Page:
Stock photographers are up in arms. They’re angry — and understandably so.
But they’re not right about everything, and rage only gets you so far. As the photography industry continues to struggle with heightened competition, reduced demand and lower prices, photographers must learn to take action, both for themselves and for their industry, with the same energy with which they voice their complaints.
The latest round of fury has been triggered by Getty’s decision to change its contributor agreement. Most notably, these changes allow Getty the right to include all royalty-free content in its subscription package. They also remove the right for contributors to block Getty selling any of their images on a royalty-free basis.
If you’ve submitted your images to Getty, agreeing to the new terms will mean that Getty will be able to sell your images to buyers who can do with them almost anything they want for as long as they want at a low price fixed by the company.
Photographers Lose Control
For many photographers, these changes represent a slap in the face — and the wallet.
Images bought through a subscription pay significantly lower fees than those bought off the shelf. And royalty-free licenses tend to be cheaper than rights-managed licenses. So there’s a good chance that Getty’s stock contributors will see a drop in income as their images are moved into the royalty-free inventory and sold to subscribers.
And after an image has been sold once on a royalty-free basis, it’s just about impossible to sell usage rights to it again.
The change also makes tracking usage harder. When a buyer is paying for a specific use, any other appearance of the image is a breach of copyright and a start of a legal complaint. Because royalty-free images can be used in multiple ways, contributors have to assume that those uses have been paid for.
But the biggest concern isn’t reduced income or the increased difficulty of identifying illicit use.
It’s the loss of control.
As the APA put it after hiring law firm Nelson & McCulloch to discuss the changes with Getty — and after the stock company had refused to respond:
As the creator and owner of the intellectual property, the photographer has the inherent right to determine how an image is to be licensed, including whether an image should be maintained as an RM or RF image. Getty Images’ effort to leverage its position in the industry to undermine that fundamental right and force its contributors to relinquish control over the manner in which their creative works are licensed is completely improper.
This is the heart of the struggle between stock photographers and the sellers who represent them (in return for a large share of the sales price.) It’s certainly a better point than the APA’s original assertion that the changes were “unnecessary” and that “rights-managed licensing has been in existence for decades and is the preferred method of licensing high-value content,” which just made the APA seem tone-deaf to market realities.
The battle now is over how much control photographers must grant those who would sell their images. And frankly, both sides have reasons to feel indignant in their positions — and reasons to feel embarrassed about them, too.
Getty Knows Best
For Getty, forcing photographers to take or leave the new arrangement does little to encourage a relationship of trust with the stock company. It’s an expression of arrogance, a statement that Getty knows best and that photographers should stop worrying and focus on taking pictures.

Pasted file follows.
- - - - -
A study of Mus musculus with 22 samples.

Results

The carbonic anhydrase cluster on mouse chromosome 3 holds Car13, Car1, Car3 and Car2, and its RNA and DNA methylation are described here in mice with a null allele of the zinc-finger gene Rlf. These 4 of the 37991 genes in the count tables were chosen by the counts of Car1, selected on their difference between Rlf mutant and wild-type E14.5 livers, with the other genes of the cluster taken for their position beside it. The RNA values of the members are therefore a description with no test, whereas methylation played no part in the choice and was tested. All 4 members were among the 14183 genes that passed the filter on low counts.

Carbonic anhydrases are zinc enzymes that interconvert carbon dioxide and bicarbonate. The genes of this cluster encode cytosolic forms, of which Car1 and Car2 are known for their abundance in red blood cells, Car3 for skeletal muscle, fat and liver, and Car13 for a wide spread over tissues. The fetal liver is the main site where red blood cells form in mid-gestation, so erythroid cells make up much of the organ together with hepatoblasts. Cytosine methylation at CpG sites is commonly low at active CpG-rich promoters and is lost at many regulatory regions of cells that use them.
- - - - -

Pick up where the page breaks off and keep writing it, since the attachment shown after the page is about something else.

Getty could have handled this better. The company might have provided financial incentives to contributors to make their images available to royalty-free subscribers. Persuasion generally makes for a better relationship than coercion. Getty’s iStockphoto, for example, uses all sorts of incentives to encourage contributors to be exclusive without ever forcing it as a condition.
But even if Getty bungled this change, the truth is that many photographers are completely unrealistic about what it takes to sell images today. Commenting on APhotoEditor.com, stock photographer William Huber said that he was launching his own site because:
Unique images deserve the moon and the stars.
Great images might well deserve astronomical prices in photographers’ minds, but stock companies like Getty know better than to demand them. That clearly isn’t true of every photographer. Getty exists to sell pictures, and it wants the freedom to do it in the way that it thinks is best.
And it’s hard for photographers to complain too much when the stock giant drops its considerable weight on them. One of the main benefits of using Getty is that its size has made the company the default choice for many photo buyers. Photographers contributing images to the company has given it that heft, and they’ve benefited from it. They can hardly be surprised when the giant turns on them.
So where does that leave today’s stock photographers?
Ultimately, it leaves them with some difficult choices to make. Contributors can accept that Getty understands buyers and their demands better than they do, agree to the changes and make up for the lower fees by contributing more images.
They can emulate William Huber by cutting out the middle man, selling directly themselves and swapping time behind the camera for time marketing.
Or they can look for one of the many alternative services that offer stock with more control but to a much smaller customer base.
Making that decision won’t be easy. But it will be a lot more constructive than just getting angry.